EDUIMHE › Communicating Higher Education: Image and Reality, 26 and 27 August 2004 at the OECD Headquarters, Paris
This seminar examined how higher education is evolving in OECD countries and how the image projected by universities and other HEIs shapes their mission.
As higher education has moved from elite to mass education, new demands have arisen. Demographic trends can make supply and demand unbalanced - geographically or with regard to study areas. The limited enrolment at some institutions, which may have to merge to survive, and problems with recruiting enough natural science and technology students, are just two examples.
Other aspects of image and external relations are related to the need for HEIs to widen their admission base and recruit more students from less privileged backgrounds and a further area where image is important is their international recruitment.
How institutions see themselves in ranking-lists and league tables is becoming increasingly important in the public eye. Whether fair or not, good scores on such lists are essential in order to generate sufficient funding, whether from public or private sources, and to attract good students and staff.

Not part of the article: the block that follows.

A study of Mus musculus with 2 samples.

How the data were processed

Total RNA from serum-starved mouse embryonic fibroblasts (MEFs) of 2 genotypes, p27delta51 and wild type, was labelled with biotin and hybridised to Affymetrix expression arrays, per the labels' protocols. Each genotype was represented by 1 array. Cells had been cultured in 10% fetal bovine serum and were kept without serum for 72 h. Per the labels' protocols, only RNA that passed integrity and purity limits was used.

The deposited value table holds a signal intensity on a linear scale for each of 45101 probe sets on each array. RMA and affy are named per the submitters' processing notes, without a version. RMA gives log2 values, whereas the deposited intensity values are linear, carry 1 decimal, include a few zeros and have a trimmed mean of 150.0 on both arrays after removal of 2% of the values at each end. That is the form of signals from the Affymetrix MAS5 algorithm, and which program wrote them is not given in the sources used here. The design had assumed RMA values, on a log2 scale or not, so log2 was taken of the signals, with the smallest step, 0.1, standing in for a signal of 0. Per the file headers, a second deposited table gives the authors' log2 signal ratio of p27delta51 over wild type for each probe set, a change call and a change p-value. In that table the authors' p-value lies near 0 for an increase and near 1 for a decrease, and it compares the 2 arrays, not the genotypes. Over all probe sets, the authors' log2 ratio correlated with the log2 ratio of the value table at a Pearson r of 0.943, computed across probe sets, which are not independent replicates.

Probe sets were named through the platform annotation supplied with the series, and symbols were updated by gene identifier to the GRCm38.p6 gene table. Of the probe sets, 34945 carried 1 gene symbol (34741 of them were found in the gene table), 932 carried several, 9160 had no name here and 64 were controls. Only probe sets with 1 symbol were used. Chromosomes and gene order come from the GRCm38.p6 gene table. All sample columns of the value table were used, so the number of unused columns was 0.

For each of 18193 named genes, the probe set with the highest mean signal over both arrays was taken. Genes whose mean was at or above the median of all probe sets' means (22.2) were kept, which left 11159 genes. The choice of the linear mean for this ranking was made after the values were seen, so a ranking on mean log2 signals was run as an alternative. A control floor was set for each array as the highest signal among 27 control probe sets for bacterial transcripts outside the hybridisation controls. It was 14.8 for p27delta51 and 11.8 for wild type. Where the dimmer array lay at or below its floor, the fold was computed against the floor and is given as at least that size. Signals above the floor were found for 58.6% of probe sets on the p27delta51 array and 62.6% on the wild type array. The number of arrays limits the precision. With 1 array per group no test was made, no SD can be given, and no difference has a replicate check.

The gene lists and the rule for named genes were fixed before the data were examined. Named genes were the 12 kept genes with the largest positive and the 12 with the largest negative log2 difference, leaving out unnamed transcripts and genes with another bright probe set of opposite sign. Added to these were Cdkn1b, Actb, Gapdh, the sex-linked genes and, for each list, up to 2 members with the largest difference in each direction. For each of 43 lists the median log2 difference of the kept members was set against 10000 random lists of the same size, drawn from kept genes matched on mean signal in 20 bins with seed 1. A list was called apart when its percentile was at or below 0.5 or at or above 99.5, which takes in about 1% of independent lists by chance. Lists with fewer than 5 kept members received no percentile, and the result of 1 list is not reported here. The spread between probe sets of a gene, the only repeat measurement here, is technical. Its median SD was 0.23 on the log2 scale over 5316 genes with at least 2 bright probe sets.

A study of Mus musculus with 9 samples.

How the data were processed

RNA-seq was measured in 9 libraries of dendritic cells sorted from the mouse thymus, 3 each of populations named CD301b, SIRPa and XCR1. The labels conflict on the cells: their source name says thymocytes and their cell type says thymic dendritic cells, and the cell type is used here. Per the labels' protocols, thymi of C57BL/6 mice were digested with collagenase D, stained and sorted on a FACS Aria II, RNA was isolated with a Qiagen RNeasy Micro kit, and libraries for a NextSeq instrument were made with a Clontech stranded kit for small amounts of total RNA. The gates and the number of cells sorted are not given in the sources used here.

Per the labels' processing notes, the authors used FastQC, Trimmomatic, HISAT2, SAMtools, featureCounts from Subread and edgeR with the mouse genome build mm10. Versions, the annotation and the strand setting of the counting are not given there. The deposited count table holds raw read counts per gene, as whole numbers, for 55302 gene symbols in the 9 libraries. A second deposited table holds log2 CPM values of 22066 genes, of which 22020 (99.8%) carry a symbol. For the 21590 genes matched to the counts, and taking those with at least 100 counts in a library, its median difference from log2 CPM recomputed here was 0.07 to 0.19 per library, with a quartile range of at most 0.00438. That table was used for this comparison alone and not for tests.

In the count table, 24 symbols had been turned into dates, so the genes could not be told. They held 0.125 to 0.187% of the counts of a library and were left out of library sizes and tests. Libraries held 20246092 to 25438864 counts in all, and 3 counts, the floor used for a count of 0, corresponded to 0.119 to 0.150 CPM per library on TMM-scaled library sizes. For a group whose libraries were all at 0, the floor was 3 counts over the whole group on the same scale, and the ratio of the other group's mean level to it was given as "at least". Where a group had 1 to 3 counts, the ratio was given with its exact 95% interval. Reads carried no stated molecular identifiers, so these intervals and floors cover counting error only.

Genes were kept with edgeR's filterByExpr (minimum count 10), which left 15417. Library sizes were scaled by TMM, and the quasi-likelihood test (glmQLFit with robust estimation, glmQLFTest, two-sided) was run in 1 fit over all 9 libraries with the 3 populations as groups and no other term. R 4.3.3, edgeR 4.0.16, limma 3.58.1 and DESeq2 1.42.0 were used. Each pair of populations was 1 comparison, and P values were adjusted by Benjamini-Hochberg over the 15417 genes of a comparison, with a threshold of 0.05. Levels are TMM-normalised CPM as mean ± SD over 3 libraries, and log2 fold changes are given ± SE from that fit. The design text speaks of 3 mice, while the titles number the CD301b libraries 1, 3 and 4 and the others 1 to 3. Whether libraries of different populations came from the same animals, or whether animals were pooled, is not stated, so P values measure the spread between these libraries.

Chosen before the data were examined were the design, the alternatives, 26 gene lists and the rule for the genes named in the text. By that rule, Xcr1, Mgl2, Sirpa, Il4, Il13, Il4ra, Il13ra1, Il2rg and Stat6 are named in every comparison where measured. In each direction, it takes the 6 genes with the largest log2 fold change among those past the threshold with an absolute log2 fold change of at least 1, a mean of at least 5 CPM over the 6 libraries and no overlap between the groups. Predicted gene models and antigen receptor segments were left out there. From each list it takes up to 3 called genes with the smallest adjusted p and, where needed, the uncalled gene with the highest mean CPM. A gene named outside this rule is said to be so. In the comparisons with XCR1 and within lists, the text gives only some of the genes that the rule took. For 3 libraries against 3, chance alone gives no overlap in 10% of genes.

In many countries all this has led to increased competition in the fields mentioned and more focus on communication strategies. Making efforts to present the right image and convey the right message is no longer considered as a peripheral marginal activity, subordinate to main core activities of teaching, research and services. It has become part of the central overall strategies of institutions and often involves the allocation of important financial and human resources.
Furthermore, the ongoing internationalisation and globalisation of higher education means that the choices open to students and researchers have become wider. Institutions therefore must make new and better efforts to present their image while being aware of the dangers of overselling. This also affects their relations to other stakeholders, not least since financing is becoming more diversified and expectations are growing that universities shall make better use of research results and communicate them better, also as part of their engagement in the development of their regions.
The seminar presented perspectives and experiences from a range of countries. These different outlooks provided background for discussions between participants willing to share solutions from institutions, which have solved their particular problems and which therefore may serve as examples of good practice for others.